MacTrast.com reported today in a blog post that Apple may be trying to convince app developers to sell their apps for a higher price.
Whether or not there is any truth to this rumor, the idea brings up some interesting questions. How much should apps really cost? What negative effects might there be if many of the most popular iPhone apps continue to sell for only $.99? Have many users (myself included) been trained to balk at any app price more than a couple of dollars?
A quick glance at the “Top Paid” apps list shows that all but three of the top 25 apps on the list are currently selling for $.99. The other three weren’t selling for much more as these three were on sale for $1.99. In fact, you would have to scroll all the way down to the 32nd app on the list to find anything that costs more than two dollars. Clearly, the popular apps are the ones that the developers are willing to sell at a cheap price.
First of all, don’t get me wrong. The app consumer in me loves the fact that I can purchase some really great apps for my iPhone for about the same price as a dollar hamburger at Mcdonalds. I don’t think I’m alone when I say that I often take a pass on apps that are $2.99 or $3.99 in favor of other apps that are $.99 or even free. I have been known to even wait for the price of an app to come down a dollar or two by using some apps that track prices of other apps. I love getting cheap apps.
Part of me wonders, though, how much better apps would be if we were willing to pay a little bit more for them. Are we, by expecting to pay little to nothing for apps, the ones to blame for the lack of quality in many apps on the app store? While there are some really great games and apps on the App Store selling for $.99 right now, I have to wonder how much better the graphics, gameplay, levels, or production of these games and apps could be if the developers were earning more than a measly $.99 per sale (even less when you remember that Apple takes a 30% cut of each sale). I do enjoy playing many of the simple, casual games that developers are churning out into the App Store, but I sometimes long for more of the high quality production titles that I feel are being killed off by the lack of people (again, myself included) wanting to put down more than a dollar or two on an app. I also get frustrated at times with banner or pop-up ads that are present on some of my favorite apps. I know these ads are often a necessity because of the lack of profit the developers are making on these apps.
For me, one of the biggest reasons why I rarely spend more than a dollar or two on an app is the risk that the app won’t be something that I like or end up using very often. For computer games there are demos of most games that I can try before plunking down my money. On a gaming console, there are also demos available or I can rent a game and try it out before making the investment of buying it. While it is fairly easy to find trusted reviews for most of the computer or console games I wish to buy, it is not as easy to find many trusted reviews on some of the apps I have an interest in buying due to the sheer number of apps on the App Store. I just don’t always have much faith in the star rating system that the App Store uses. I can vividly remember many instances where I was tempted to buy an app that was more than a couple of dollars, only to decide not to because I didn’t want to risk that the app wasn’t something I would enjoy. Why risk paying that much when I can try similar apps for free or for a dollar?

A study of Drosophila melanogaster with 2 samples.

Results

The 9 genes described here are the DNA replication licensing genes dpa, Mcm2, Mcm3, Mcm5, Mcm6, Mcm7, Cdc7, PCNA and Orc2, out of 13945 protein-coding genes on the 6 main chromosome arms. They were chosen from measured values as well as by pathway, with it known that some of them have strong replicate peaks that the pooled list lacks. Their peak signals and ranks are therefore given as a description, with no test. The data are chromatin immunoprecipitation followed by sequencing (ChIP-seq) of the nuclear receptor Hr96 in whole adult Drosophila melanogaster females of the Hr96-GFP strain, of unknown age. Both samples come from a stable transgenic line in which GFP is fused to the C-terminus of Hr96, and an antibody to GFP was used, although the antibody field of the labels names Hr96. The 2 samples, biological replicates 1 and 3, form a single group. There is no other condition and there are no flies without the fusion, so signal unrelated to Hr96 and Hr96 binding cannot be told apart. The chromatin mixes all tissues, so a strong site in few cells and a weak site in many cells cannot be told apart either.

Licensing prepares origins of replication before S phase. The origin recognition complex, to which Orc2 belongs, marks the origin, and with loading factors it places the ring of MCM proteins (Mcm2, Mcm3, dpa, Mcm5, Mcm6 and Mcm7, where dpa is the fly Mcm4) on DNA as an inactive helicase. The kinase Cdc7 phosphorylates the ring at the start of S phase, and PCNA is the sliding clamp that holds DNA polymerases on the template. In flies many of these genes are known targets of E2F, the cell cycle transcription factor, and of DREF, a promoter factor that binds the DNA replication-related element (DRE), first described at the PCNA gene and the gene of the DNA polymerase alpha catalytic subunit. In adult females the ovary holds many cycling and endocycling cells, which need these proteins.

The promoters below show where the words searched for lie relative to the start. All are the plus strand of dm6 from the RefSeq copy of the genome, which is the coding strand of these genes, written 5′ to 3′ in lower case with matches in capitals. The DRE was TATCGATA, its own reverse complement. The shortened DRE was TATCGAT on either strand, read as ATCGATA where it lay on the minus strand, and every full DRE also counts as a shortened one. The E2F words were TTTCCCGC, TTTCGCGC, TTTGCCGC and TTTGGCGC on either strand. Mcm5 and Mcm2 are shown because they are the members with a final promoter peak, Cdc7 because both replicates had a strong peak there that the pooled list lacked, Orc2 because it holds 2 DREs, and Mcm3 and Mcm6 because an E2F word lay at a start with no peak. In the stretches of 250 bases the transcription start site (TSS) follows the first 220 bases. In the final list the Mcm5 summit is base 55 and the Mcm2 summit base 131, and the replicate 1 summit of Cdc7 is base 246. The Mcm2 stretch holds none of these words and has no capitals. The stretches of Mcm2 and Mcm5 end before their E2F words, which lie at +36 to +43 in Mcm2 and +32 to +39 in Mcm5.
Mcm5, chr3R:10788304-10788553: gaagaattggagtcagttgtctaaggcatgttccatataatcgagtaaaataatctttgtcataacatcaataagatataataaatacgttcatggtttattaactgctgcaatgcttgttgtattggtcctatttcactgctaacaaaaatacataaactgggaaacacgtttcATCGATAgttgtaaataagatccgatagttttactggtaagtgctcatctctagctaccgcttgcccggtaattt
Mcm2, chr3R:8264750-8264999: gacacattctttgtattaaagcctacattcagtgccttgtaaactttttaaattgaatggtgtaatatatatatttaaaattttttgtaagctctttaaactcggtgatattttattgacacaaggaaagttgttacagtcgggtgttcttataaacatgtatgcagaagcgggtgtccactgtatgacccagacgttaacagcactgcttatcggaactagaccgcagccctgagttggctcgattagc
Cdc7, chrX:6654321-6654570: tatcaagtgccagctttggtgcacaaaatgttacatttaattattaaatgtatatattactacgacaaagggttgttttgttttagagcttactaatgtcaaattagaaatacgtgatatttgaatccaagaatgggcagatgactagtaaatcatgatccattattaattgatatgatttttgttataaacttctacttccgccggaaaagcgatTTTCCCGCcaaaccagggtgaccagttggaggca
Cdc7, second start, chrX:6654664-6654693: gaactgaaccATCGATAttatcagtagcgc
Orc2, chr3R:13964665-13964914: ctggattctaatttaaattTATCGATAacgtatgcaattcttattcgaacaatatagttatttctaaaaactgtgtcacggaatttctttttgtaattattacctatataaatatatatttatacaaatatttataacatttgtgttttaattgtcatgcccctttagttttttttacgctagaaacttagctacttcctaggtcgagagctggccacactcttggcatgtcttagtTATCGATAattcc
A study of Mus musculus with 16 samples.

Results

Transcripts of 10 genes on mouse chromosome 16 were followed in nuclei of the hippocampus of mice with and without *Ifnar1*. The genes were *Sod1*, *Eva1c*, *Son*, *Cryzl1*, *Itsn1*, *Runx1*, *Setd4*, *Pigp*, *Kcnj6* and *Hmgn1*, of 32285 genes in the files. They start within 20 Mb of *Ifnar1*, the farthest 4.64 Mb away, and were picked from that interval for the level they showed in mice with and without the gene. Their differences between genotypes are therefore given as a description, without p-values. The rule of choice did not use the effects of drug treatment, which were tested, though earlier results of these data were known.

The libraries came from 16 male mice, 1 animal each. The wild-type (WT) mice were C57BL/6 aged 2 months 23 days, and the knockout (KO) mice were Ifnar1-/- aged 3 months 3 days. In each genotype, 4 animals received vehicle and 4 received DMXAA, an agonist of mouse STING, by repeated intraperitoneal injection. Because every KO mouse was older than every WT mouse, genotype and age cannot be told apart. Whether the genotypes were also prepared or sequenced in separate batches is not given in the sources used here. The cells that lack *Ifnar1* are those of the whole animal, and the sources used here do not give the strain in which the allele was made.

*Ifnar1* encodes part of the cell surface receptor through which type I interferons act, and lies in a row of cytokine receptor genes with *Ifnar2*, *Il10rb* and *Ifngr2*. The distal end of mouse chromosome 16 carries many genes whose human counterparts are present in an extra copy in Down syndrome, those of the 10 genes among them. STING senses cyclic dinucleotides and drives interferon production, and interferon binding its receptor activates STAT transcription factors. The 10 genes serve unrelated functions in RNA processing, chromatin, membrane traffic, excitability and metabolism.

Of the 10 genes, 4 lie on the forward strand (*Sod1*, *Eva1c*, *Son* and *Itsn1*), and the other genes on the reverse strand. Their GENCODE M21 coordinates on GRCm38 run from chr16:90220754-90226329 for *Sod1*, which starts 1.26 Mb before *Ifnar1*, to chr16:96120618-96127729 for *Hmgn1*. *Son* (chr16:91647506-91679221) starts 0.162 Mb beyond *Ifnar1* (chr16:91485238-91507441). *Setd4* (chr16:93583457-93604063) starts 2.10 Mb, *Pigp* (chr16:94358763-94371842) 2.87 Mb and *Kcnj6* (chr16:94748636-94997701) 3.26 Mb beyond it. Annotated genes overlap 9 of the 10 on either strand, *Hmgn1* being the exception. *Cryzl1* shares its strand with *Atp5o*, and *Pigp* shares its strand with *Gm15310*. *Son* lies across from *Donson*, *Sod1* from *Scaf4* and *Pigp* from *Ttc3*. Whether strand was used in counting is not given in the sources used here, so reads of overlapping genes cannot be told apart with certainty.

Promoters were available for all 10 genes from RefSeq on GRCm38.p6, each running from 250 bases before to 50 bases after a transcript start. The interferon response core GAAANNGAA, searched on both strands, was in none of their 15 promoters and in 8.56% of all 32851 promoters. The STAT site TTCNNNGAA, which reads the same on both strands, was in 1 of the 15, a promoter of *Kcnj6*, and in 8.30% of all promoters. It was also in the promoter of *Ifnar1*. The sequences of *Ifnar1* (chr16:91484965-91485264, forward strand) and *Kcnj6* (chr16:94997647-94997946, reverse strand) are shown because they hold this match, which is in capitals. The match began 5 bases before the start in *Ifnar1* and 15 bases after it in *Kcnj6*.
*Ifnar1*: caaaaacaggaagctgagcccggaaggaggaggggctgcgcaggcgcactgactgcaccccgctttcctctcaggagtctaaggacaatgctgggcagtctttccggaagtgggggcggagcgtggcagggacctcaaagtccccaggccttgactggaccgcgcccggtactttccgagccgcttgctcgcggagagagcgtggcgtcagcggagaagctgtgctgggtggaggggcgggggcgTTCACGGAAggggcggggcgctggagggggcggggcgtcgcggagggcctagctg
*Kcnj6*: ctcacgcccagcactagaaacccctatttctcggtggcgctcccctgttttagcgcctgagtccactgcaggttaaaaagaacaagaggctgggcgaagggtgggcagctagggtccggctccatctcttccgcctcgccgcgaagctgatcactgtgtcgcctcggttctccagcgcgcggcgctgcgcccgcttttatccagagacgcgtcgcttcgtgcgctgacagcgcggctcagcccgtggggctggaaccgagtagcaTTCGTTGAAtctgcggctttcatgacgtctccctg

If the rumor is true that Apple is starting to pressure developers into charging more for their apps, I think that Apple is looking in the wrong direction for a solution to low app prices. Instead, Apple needs to take a look at how their App Store works if they wish to make more money on apps. To help developers make more money for their apps and to help drive up app quality, I think that Apple needs to implement some sort of app preview system. This could be as simple as allowing people to download and try apps for thirty minutes before having to purchase the app in order to continue using it. Amazon is already doing something similar to this with their Amazon App Store that is available on Android phones. Some of the apps available on the Amazon App Store can be tried out before purchasing them by using a phone simulator that runs right in your computer’s web browser. If I could test out an app and find that I like it, I feel I would be much more willing to shell out some more money for that app.
What do you think? Have we as app consumers been trained to not expect to pay more than a dollar or two for most apps? If so, is this a habit that can be broken? Do you feel that the quality of apps is lessened by the cheap prices at which developers have been selling their apps? What are your solutions? How much should an app really cost?
Looking forward to hearing all of your feedback and ideas!